This is a belated father's day post and rant.
I couldn't help but think when I read this New York Times blog post posted last father's day.....
Sometimes I resent Bil's parents (my in laws) so very much because they just don't want to LET GO.
My father in law claimed he had "everything all prepared" for Bil. When my father in law died, we found out he had done: nothing. Absolutely nothing. Never got him on Medicaid, although we found out later Bil was the ONLY PERSON in his sheltered workshop not on Medicaid. (Why does that matter? Because you can't get service coordination, most services without Medicaid eligibility.). By the time this happened, budget cuts had started and we really had to struggle to get him onto Medicaid.
Left Bil's mother holding the bag.
He hadn't seen a dentist in years and had bad breath that could knock you over.
Didn't they ever smell it? I couldn't even hardly ride in a car with him without gagging.
She did what she could after her husband died (and yes, Bil did finally see a dentist) but now she is in her 80's, has increasing health issues, and is more and more frail. Yet she won't let go. We (Bil's brothers and sisters) have to be responsible for Bil once she is dead but she just assumes this is going to happen by some kind of osmosis.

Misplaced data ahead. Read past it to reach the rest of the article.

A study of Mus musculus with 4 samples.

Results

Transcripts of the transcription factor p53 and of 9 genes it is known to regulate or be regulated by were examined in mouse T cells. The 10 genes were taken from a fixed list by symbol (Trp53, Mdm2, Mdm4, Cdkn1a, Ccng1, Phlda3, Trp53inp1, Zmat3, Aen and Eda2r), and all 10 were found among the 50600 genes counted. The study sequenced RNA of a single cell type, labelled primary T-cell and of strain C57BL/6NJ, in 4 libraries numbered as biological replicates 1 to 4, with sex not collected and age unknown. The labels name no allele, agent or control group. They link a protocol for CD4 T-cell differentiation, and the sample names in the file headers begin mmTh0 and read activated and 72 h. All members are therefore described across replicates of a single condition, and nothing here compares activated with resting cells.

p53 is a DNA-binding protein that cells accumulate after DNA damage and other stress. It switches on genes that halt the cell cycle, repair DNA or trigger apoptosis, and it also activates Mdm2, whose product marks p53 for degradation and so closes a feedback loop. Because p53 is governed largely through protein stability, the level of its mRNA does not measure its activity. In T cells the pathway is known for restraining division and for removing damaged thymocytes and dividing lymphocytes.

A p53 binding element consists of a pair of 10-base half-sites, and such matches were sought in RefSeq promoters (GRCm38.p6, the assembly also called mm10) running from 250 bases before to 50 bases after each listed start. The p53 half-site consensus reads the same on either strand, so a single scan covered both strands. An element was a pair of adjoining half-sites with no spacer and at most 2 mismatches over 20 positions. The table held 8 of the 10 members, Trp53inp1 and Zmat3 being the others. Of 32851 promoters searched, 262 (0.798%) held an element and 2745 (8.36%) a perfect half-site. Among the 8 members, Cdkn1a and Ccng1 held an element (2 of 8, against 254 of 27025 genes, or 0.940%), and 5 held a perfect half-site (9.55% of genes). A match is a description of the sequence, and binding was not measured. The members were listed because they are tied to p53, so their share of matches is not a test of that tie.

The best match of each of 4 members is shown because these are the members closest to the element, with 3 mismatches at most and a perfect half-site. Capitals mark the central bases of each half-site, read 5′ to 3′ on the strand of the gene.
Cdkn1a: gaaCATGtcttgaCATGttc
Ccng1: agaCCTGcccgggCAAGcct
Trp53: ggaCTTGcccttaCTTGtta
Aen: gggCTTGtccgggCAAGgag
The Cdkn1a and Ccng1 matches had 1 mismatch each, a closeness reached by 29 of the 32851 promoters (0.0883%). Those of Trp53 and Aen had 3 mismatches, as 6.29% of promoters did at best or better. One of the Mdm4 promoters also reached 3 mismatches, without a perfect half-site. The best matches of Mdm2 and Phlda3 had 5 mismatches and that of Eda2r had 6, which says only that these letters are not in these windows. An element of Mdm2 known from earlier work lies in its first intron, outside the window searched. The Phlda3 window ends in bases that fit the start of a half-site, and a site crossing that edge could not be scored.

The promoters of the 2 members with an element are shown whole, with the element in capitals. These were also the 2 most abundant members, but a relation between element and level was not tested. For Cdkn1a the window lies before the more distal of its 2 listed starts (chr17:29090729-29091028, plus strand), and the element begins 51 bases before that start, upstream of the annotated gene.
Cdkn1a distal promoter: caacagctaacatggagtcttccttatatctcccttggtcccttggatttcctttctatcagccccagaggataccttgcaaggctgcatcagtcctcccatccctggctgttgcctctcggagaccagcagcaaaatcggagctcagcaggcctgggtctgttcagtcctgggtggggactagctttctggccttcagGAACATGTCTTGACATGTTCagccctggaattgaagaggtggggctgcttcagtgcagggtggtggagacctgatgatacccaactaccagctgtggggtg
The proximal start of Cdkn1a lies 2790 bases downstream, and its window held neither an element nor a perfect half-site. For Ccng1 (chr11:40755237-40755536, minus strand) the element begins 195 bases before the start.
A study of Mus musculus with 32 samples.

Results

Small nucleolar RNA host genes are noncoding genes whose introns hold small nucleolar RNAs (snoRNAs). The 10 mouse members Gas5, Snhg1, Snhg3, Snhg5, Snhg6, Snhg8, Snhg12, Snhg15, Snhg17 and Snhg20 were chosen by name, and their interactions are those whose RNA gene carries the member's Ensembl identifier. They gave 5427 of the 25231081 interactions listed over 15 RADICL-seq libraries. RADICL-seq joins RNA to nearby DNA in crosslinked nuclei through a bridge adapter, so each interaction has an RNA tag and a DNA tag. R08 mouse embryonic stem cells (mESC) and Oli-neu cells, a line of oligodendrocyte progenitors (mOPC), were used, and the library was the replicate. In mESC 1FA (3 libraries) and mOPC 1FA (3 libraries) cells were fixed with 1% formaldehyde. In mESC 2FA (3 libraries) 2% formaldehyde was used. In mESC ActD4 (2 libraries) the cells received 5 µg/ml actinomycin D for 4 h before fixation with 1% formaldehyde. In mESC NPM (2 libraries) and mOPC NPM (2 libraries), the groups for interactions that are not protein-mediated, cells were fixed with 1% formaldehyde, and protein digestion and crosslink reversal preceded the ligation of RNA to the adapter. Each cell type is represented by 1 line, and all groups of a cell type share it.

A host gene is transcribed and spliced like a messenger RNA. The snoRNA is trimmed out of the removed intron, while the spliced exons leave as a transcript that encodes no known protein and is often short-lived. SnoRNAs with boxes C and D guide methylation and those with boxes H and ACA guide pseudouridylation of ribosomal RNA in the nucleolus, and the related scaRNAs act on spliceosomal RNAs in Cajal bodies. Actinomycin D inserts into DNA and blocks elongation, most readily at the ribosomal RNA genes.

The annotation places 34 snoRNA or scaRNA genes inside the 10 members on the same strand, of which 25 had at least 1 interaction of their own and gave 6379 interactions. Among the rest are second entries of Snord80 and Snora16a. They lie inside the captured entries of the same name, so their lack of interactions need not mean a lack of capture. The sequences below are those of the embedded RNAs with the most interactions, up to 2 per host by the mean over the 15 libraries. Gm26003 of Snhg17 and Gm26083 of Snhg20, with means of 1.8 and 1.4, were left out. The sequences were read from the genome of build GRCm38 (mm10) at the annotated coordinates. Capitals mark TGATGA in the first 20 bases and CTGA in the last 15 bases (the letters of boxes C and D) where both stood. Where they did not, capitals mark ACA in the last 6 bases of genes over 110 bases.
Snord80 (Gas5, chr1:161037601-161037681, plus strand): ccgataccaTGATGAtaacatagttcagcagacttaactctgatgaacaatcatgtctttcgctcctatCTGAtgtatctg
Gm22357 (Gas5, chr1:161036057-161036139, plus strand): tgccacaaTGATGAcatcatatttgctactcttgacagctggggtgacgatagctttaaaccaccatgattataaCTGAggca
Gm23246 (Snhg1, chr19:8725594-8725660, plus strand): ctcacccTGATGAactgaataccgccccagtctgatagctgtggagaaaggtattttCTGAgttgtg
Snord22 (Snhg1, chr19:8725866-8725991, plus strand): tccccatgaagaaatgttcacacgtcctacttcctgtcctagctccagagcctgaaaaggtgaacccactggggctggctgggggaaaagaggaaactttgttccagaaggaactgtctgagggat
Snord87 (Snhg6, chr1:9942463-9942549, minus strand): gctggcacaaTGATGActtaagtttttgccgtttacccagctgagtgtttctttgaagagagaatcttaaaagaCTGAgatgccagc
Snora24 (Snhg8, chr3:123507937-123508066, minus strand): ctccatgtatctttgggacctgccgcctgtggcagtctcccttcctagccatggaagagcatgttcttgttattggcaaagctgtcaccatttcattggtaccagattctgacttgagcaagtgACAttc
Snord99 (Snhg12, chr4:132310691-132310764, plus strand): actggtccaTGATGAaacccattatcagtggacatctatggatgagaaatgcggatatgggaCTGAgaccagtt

But then, I get to thinking some more....
We are fortunate in a way though that Bil's Mom still wants to care for Bil with all her heart and soul. Because that's the way "the system" is set up. Never mind people in their 80's....I have read about people in their 90's caring for their children with autism!! It has to be so very hard, with failing eyesight, failing ability to walk, failing hearing....and they have this burden, which state governments are more than happy to let them do WITHOUT ANY HELP. Although said parents are saving the state millions.
Should the state help? I guess that is the basic question here.
You know the saying that "it takes a village to raise a child?" It also takes that village when people can no longer shoulder a burden. They deserve that help.
They deserve to be able to put that burden down.
And, to flip this again, parents also need to help their non-disabled children ease into their burdens. Don't just assume it will happen by osmosis.
Sometimes all of this just makes me want to scream.
The conspiracy of silence. The elephant in the room. I am so sick of it.